Shell’s release of offshore leases permits huge Arctic marine park

Lancaster Sound is home to 75 per cent of the world’s narwhal whales and the Canadian Arctic’s richest concentration of marine mammals. (Mario Cyr / Nature Conservancy of Canada)
Lancaster Sound is home to 75 per cent of the world’s narwhal whales and the Canadian Arctic’s richest concentration of marine mammals. (Photo: Mario Cyr )
The surrender of exploration permits covering 8,625 square kilometres will facilitate the conservation of a massive, highly sensitive marine ecosystem at Lancaster Sound in the Canadian Arctic.

Shell Canada voluntarily surrendered the permits to the Nature Conservancy of Canada, which in turn, released them to the government of Canada.

Besides being beautiful, Lancaster Sound has been a hunting ground for the Inuit for thousands of years. (Diane Blanchard/Parks Canada)
Besides being beautiful, Lancaster Sound has been a hunting ground for the Inuit for thousands of years. (Diane Blanchard/Parks Canada)
Area of ‘critical ecological importance’

The area is one of the Arctic Ocean’s richest marine habitats and home to several species of whale, seals, walrus and polar bears. It is bordered by important seabird breeding colonies. Indigenous people have hunted and trapped in Lancaster Sound for generations and continue to do so.

Canada had originally planned to protect 44,500 square kilometres of marine territory, but the surrender of these exploration rights would remove the obstacle to creating one of 100,000 square kilometres.

Map shows location of proposed marine park and area freed by the release of offshore leases in red. © Nature Conservancy Canada
Map shows location of proposed marine park and area freed by the release of offshore leases in red. © Nature Conservancy Canada
Expanded park would be ‘globally significant’

“This is globally significant,” said John Lounds, president and CEO of the Nature Conservancy of Canada. “This is a huge area. If it is established at a 100,000-square-kilometre size it would represent almost two per cent of all of Canada’s marine territory.

“It’s significant not only in terms of size. It’s significant in terms of the species that are found there, the wildlife, and it’s important in terms of an ecological system that will continue into the future.”

Listen to the interview with John Lounds:
John Lounds is confident the Canadian government will work with the Nunavut government and indigenous groups to establish an expanded marine park. © Simon Wilson
John Lounds is confident the Canadian government will work with the Nunavut government and indigenous groups to establish an expanded marine park. © Simon Wilson
A long haul, not over yet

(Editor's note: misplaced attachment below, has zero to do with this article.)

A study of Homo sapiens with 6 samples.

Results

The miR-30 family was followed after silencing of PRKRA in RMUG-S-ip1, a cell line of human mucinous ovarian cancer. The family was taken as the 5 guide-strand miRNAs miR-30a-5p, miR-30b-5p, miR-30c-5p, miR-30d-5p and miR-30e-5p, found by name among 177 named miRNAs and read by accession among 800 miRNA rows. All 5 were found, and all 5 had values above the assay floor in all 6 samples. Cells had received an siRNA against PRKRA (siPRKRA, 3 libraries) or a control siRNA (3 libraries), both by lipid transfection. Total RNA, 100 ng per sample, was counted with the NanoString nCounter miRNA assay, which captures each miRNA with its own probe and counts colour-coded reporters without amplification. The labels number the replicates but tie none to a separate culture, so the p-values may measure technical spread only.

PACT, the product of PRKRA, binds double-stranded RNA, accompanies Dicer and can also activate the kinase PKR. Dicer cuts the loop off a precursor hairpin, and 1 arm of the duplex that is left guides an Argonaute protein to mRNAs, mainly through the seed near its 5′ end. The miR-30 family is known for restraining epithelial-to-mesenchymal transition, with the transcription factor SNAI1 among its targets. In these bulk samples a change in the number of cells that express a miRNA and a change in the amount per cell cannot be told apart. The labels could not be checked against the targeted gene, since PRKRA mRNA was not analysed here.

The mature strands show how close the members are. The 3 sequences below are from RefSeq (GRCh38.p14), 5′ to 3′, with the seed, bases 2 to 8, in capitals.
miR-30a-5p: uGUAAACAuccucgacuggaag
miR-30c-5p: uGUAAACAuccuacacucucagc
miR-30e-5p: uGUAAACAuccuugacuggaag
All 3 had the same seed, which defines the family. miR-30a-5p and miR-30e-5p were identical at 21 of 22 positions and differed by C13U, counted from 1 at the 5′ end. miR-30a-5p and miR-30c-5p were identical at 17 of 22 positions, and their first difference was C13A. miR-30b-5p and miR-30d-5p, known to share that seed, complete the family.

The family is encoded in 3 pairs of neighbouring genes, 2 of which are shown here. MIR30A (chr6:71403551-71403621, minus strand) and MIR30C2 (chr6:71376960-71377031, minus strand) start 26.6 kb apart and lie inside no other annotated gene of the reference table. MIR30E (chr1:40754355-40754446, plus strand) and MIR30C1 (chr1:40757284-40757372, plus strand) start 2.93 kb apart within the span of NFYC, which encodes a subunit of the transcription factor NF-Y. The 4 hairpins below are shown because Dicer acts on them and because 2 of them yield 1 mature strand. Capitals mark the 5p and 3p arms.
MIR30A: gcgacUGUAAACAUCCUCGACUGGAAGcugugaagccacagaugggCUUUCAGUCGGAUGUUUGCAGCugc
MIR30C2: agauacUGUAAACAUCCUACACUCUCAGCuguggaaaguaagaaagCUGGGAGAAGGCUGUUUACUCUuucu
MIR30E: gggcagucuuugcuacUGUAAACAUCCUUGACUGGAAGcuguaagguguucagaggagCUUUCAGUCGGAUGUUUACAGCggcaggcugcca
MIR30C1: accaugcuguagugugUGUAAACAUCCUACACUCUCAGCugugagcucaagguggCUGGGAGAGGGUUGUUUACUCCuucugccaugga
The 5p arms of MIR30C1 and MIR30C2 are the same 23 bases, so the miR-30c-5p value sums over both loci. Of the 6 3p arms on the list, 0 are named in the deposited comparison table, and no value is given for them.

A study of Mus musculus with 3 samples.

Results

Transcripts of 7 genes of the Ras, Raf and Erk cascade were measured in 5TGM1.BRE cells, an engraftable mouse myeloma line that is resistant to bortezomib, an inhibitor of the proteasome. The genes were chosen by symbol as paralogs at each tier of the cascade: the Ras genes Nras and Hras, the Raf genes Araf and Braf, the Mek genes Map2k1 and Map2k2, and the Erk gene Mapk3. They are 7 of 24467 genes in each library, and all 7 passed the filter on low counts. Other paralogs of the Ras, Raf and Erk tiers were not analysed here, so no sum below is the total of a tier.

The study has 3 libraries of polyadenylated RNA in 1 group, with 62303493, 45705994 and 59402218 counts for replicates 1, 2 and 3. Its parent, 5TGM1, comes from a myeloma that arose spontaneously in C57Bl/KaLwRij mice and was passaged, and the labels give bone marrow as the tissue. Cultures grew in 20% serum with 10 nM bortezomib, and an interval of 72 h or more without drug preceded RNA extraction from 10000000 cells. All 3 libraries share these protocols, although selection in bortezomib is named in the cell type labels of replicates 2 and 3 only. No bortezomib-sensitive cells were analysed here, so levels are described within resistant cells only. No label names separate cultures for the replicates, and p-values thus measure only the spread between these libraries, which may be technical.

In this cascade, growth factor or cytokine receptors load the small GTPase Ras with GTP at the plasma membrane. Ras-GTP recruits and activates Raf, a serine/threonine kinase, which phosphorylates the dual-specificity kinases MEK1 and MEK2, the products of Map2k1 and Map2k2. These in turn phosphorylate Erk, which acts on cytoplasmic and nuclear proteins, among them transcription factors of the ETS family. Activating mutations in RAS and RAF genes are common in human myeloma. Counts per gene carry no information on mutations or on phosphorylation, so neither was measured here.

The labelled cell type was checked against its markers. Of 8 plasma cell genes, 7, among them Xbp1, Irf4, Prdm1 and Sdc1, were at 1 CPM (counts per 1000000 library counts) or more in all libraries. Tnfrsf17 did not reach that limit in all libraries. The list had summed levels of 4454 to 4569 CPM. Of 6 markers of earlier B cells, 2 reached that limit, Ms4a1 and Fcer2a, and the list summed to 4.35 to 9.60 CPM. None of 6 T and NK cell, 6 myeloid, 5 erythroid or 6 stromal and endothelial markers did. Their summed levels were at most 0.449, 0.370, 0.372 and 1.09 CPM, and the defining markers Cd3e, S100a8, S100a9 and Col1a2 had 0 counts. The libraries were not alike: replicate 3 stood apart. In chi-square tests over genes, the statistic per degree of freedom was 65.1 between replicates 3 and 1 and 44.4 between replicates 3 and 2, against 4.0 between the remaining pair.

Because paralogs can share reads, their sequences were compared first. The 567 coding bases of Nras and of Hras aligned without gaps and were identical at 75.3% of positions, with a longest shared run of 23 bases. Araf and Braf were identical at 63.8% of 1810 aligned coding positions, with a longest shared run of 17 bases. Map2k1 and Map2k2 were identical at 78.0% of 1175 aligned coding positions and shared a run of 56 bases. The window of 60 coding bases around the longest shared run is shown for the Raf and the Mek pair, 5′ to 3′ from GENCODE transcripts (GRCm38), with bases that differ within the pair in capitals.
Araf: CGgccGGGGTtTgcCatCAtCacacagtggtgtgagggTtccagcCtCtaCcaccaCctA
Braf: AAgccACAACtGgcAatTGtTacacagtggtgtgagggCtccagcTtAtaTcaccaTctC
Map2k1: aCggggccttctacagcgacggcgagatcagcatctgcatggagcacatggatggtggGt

Canada has pledged to protect five per cent of its marine territory by 2017 and 10 per cent by 2020. Lounds calls the promise ambitious but says the government could make substantial headway by expanding and protect the Lancaster Sound area.

First the federal government must negotiate with the government of the northern territory of Nunavut and the Inuit people who live there. Success would be the culmination of years of effort and disagreement among competing interests including governments, industry and conservation groups.

Lancaster Sound is vitally important for the indigenous Inuit population, which has used it as prime hunting and fishing ground for millennia. (Photo: Mario Cyr)
Lancaster Sound is vitally important for the indigenous Inuit population, which has used it as prime hunting and fishing ground for millennia. (Photo: Mario Cyr)
Related stories from around the North:

Canada:  Calls for protection of Canada’s Lancaster Sound, Eye on the Arctic

Finland: Lapland TV host becomes nature enthusiast, Yle News

Sweden:  Sweden’s Society for Nature Conservation: some plastics should be phased out, Radio Sweden

United States: U.S. polar bear conservation plan focuses on near-term goals, Alaska Dispatch News


Born and raised in Montreal, Quebec, Lynn has dedicated her working life to journalism. After decades in the field, she still believes journalism to be a pillar of democracy and she remains committed to telling stories she believes are important or interesting. Lynn loves Canada and embraces all seasons: skiing, skating, and sledding in winter, hiking, swimming and playing tennis in summer and running all the time. She is a voracious consumer of Canadian literature, public radio programs and classical music. Family and friends are most important. Good and unusual foods are fun. She travels when possible and enjoys the wilderness.